Friday, April 24, 2015

Back up your data

A couple of weeks ago my laptop died. It refused to power up. No warning -- suddenly there was a message about the battery being low, even though the power cord was plugged in at the time. Then the machine switched itself off and refused to come back on.

There was nothing wrong with the power cord  -- I have another laptop that belongs to my day job, and it uses the same one -- but there it was -- dead.

This was the laptop that I used for my writing. I used a tool called Scrivener. I love it, but using it means that whatever I'm writing pretty much exists only on my laptop.

However, I'm paranoid about data loss, so I regularly compile (produced a .doc or .rtf version of my novel) and save it somewhere. I had a  onedrive disk mapped onto my laptop, and thus it's accessible from anywhere. I did this regularly, about once a day.

I had two novels I was working  on in scrivener, and thus I have current .doc versions of both of them. When I replace my laptop, I can import them back into scrivener, which will be something of a pain, but doable. In the mean time, I can turn on track changes and continue to work on them.

So what should you take away from this? Back up your data. Use Onedrive, or Dropbox, or something else, but make sure you have copies of your work. You never know when you're going to need it. 

Sunday, April 5, 2015

Selling Online - Ecommerce Shopping Cart Basics

If you’re selling anything online, you’re considered part of the ecommerce business arena, and you absolutely need an electronic shopping cart. But, how does it work and what type of cart do you need?

An electronic shopping cart is simply a software program or code from a shopping cart provider that you can use on your website. This program or code allows visitors to select products and make purchases directly from you.

If you’re selling anything online, you’re considered part of the ecommerce business arena, and you absolutely need an electronic shopping cart.

Webopedia explains that there are two basic forms of shopping carts. “Shopping carts can be sold as independent pieces of software so companies can integrate them into their own unique online solution, or they can be offered as a feature from a service that will create and host a company's e-commerce site.”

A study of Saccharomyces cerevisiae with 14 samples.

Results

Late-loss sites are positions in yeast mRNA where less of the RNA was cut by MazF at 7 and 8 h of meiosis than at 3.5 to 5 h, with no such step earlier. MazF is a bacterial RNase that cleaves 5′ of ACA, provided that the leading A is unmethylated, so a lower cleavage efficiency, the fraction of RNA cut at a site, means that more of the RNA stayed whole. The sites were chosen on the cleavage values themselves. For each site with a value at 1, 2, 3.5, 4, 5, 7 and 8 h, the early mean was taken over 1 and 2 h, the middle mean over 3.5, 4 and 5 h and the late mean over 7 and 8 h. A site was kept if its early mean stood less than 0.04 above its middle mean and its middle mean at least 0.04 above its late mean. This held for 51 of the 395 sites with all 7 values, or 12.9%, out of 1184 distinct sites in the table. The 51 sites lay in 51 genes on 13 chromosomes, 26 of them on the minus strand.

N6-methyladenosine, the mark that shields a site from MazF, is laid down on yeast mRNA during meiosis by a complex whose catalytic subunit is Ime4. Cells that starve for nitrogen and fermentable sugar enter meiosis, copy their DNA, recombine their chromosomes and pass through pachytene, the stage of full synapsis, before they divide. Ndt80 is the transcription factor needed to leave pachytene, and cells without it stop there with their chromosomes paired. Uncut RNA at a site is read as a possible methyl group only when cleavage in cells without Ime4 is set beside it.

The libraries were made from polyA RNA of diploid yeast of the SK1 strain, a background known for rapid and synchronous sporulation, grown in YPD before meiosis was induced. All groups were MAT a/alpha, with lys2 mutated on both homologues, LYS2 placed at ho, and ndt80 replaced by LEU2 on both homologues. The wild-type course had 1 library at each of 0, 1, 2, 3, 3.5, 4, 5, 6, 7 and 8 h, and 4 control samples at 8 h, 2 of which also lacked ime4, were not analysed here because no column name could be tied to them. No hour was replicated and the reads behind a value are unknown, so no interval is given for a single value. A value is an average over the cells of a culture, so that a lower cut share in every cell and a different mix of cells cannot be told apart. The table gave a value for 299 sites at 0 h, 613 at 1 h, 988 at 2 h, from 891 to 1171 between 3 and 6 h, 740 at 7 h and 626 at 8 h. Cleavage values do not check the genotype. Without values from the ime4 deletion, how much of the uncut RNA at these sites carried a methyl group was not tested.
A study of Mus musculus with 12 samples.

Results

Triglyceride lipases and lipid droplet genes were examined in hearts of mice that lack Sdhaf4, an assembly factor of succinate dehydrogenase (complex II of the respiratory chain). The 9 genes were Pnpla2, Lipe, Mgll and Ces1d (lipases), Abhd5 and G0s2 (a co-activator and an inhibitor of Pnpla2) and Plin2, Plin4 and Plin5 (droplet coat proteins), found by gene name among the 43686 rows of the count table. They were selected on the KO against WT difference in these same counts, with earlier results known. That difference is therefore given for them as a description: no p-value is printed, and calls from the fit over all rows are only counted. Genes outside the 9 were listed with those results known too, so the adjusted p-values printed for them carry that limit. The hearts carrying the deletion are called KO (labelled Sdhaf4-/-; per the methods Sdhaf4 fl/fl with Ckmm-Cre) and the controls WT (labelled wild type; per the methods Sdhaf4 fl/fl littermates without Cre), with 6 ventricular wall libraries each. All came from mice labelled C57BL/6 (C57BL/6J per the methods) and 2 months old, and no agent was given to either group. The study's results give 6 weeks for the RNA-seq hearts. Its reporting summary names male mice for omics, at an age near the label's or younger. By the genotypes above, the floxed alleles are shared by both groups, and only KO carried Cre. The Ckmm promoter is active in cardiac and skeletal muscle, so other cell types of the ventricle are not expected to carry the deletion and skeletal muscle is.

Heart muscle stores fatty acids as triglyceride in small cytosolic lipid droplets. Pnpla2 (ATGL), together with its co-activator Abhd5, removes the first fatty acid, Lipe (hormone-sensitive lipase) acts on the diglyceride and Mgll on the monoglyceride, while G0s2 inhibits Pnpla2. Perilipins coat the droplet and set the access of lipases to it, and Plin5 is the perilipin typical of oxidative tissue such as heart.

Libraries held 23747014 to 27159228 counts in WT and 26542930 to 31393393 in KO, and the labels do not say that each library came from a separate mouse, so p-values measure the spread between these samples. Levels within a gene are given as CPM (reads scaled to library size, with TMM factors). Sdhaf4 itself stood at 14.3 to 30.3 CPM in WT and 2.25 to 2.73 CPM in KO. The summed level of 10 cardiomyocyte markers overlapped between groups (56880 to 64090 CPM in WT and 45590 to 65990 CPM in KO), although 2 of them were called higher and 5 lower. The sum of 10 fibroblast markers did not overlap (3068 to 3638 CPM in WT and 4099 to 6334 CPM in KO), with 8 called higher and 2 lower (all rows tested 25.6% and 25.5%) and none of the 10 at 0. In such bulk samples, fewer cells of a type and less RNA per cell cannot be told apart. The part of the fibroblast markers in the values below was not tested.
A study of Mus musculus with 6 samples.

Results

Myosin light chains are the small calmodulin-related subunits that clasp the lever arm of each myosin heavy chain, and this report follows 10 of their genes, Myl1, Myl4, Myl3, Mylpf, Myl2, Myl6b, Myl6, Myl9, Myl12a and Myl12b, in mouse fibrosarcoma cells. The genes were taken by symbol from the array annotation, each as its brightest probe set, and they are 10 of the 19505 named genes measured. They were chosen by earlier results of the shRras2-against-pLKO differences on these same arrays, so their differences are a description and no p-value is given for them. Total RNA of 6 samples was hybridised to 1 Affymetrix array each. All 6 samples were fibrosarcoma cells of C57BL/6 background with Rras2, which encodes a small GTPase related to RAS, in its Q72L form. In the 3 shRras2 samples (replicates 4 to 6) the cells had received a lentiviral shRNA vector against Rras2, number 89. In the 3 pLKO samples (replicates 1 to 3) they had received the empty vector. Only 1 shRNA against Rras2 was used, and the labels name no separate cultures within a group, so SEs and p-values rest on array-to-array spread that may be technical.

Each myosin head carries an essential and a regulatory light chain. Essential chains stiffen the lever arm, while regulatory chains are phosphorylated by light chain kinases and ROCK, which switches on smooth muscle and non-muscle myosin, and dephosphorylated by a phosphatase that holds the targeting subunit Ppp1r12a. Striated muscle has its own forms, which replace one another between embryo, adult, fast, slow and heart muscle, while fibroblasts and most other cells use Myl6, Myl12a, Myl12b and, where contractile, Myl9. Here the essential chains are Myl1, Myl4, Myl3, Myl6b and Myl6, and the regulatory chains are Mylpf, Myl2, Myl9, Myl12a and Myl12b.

So, you can either use a standalone piece of software on your own Web server or you can use code from an e-commerce shopping cart provider/service. Either way, you’ll be able to sell from your website.

Along with its convenience, allowing you to sell digital and tangible products from your website, research shows that using an ecommerce shopping cart increases sales.

In 2009, PayPal conducted an internal study of 79,000 small merchants. It was discovered that adding a shopping cart increased their PayPal volume an average of 19% over a two-year period.

That’s a pretty nice sales increase.

It’s important though to realize that the shopping carts themselves don’t process payments. It’s the service you use that allows the payment process to go through.

The Simplest and One of the Cheapest Ways to Sell from Your Own Website

I’ve used PayPal for quite a while now and can attest that it’s easy and effective.

With the PayPal ecommerce shopping cart process, you create the shopping cart yourself. The instructions are simple to follow and you have a choice of using a single item Buy Button or a Drop-down Menu for multiple products or services. And, as with all services, there is a fee. PayPal charges 2.9% and .30 cents per transaction. That’s not bad for all you can do with this service.

 The PayPal system also has everything you need to customize your cart:

•    Tax
•    Shipping
•    Discount and coupon codes
•    Payment options
•    Tracking
•    Invoicing
•    Testing before you go live
•    And, more

In fact, PayPal is so popular a number of ecommerce shopping cart services have partnered with PayPal for their payment process. And, you can accept payments with your mobile device through another of PayPal’s services.

If you’re a WordPress user and want a plugin that uses PayPal, you can checkout:

Other Options

If you like the PayPal system, but would rather not have your customers sent to its site during the purchasing process, you have options.

PayPal has partnered with several shopping cart services, such as Cashie Commerce and 3D Cart. Using another service has its benefits, one of which is keeping the buyer on your site through the purchasing process, but there’s a drawback to it, an additional cost.

These services charge a monthly fee, along with a percentage of each transaction. This is on top of the PayPal fees. So, be careful when looking into this process. Be sure you’re making enough sales to warrant the additional costs involved.

Keeping it Simple

No matter which ecommerce shopping cart system you use, simple is the way to go online. You want the essential features in a shopping cart without making it too complicated to use. The process needs to be easy to use with clear instructions.

If you haven’t yet taken the ‘sell on your own website’ move, get started now. Simply do an online search for carts or you can check out PayPal.

Remember, nothing ventured, nothing gained.

Karen Cioffi is a writer and online platform instructor. Her latest e-class is Get Website Traffic with Inbound Marketing. It's 4-weeks and is through WOW! Women on Writing. Click the link for details.